Oakland - Taqueria Durango Mexican BBQ ribs & chicken
Disappointed at my failed attempt to eat at Taqueria el Maguey (wholesale only), I thought Id try Taqueria Durango down the street a ways.
The oil drums with BBQ chickens and ribs on the grill, caught my attention once before.
There are other standard items on the menu (burritos, tacos, sopes), but Im guessing the thing to order here is the BBQ. Im glad I only found the East Bay Express review after the fact. I liked the place more and the food was better. Maybe they read the review and did something about it.
The 1 / 2 chicken plate comes with either potato salad or cactus salad and four griddled corn tortillas, wrapped in a napkin and served in a straw basket.
The chicken was almost as the review described
The skin, flecked with blackened herbs Underneath, the meat had taken on a pinkish-brown cast from the smoke.
When the chicken is ready, it is put in a glass case under heat lamps. As a result, the skin wasnt crispy. I didnt learn until afterward that you can ask to have the chicken or ribs direct from the grill and point out the chick/rib that looks the most appealing. Thats the way to go.
The chicken was hacked into pieces, a little oily from the marinade, Im guessing. Lately when I see hacked up chicken, I start to search for the chopsticks ... oops .. wrong ethnicity.
Unlike the chicken described in the review, mine wasnt tough. It wasnt juicy, but I have yet to have a BBQ chicken anywhere that was juicy. It was tasty and especially good if you put a little of the thick, smoky, hot red sauce that came in a little ceramic pot.
Theres a choice of potato salad or cactus salad. One more time, the EBE describes the cactus salad perfectly:
The nopales salad, a tangle of sliced onions and cactus strips, was tender and free of that mucilaginous, okra-like mouthfeel. It was dressed with olive oil, fresh oregano, and a jolt of lime juice:
There were also some tomatoes in the salad and it was definitely not salty which was a complaint in the review. Maybe they really did read it. The tortillas were nicely grilled and didnt fall apart.
The ribs, it seems, are just left on the grill until someone orders a slab ($14). Then someone goes out and retrieves a thick slab and hauls it back to the kitchen.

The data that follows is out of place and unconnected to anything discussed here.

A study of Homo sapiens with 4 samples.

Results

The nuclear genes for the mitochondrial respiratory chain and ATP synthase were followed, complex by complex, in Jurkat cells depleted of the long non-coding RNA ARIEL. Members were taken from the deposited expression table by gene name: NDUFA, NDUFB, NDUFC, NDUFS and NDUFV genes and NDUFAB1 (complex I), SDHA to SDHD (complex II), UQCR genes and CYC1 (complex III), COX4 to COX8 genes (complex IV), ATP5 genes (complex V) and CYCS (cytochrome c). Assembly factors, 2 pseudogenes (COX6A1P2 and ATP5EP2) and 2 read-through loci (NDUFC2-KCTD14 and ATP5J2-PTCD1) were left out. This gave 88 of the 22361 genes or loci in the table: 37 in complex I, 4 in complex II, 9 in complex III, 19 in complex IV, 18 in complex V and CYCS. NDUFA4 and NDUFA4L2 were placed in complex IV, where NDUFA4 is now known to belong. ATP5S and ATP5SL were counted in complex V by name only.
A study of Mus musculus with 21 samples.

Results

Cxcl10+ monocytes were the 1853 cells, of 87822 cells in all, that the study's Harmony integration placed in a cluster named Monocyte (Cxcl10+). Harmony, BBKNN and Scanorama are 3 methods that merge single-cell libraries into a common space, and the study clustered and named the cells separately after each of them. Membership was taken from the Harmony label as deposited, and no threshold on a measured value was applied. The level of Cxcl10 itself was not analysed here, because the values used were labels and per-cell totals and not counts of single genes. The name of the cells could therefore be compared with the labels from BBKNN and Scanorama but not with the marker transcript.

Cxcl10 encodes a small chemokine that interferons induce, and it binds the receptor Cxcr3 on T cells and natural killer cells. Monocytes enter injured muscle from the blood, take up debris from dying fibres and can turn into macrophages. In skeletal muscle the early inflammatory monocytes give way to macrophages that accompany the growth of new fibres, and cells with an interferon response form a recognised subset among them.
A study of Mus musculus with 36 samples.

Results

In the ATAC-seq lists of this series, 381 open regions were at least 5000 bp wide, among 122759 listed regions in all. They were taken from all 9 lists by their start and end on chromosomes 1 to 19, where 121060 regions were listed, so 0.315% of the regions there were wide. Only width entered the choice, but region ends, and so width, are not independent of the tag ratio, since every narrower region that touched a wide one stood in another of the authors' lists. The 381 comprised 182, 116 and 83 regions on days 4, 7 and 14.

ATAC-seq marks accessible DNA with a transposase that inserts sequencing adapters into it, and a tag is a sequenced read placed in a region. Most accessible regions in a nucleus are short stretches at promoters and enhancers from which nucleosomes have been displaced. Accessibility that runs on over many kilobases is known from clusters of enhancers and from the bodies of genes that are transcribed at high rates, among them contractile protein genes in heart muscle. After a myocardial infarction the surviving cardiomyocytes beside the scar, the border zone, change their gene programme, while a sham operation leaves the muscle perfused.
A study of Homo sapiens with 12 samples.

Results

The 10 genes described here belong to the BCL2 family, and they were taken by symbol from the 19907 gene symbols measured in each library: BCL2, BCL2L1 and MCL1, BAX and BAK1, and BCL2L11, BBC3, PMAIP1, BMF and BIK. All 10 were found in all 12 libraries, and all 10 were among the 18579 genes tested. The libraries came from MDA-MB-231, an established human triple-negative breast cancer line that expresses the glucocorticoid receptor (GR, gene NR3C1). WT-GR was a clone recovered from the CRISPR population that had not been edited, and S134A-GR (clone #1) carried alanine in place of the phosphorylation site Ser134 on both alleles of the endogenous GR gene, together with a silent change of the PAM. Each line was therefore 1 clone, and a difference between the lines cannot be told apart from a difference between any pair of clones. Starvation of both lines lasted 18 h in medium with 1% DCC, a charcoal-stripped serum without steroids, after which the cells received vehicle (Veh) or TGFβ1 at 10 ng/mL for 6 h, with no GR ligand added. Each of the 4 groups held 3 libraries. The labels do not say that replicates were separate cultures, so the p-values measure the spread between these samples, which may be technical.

Theres beer and aqua fresca. The mango was ok with a little too much sugar.
Hot links are also available. Other meats for tacos or burritos include: carne asada, al pastor, carnitas (also sold by the pound), cabeza, molida (?), chicharonnes, lengua and, of course, pollo.
A steady stream of customers stopped by for the ribs or chicken.
Nothing special in décor, most of it done by beer company advertisements, but nice ones. The Christmas beer ads were out, in keeping with the season. There was a fake paper fireplace decorated with stockings by one company and a big display of the Bud Clydesdales decked out for Christmas and pulling a sleigh.
There were a few gum ball machines and two impressive running stand-alone fountains. One fountain was a mountain of gold miners panning the flowing water for gold. Cable Mexican TV was playing silently (that Mexican Jenny Jones chick) and occasionally the juke box played To all the girls I loved before in Spanish and with passion.
Theres a parking lot. Its a rough neighborhood though. Theres a Chinese restaurant down the street that is too aptly named Ho Hos.
Whenever I'm in the area of Fruitvale and International, I'm surprised how like the area is to parts of Mexico City, only the signs here are in English ... well, some of them. So maybe I like this place out of nostalgia. It reminds of of so many hole in the wall places I ate at while working there ... simply decent, tasty food. Nothing amazing, but good.
Well, the EBE answered my question about the other chicken place on Foothill - Los Petates
3829 Foothill Blvd (at about 38th)
Oakland, CA 94601
Tue.-Sun : 8:00 a.m-7:00 p.m.
re: Melanie Wong
I stopped by this weekend, intending to order the carnitas and beans mentioned in this thread http://chowhound.chow.com/topics/9715...
but got sidetracked by the pork ribs, after asking what was on BBQ. I'm glad I did--I've found it difficult to get non-gloopy sauced ribs in the area and these were just what I was looking for. They are tender, but not falling off the bone and the spice rub really just emphasizes the porkiness. It's served with a hot sauce (mostly ground peppers, slightly bitter, not very sour). They aren't lo, slow, competition BBQ-they don't take on that much smoke flavor, and are probably cooked at medium temp for not too long. The side of beans I got didn't have any noticeable smoky character, but were delicious.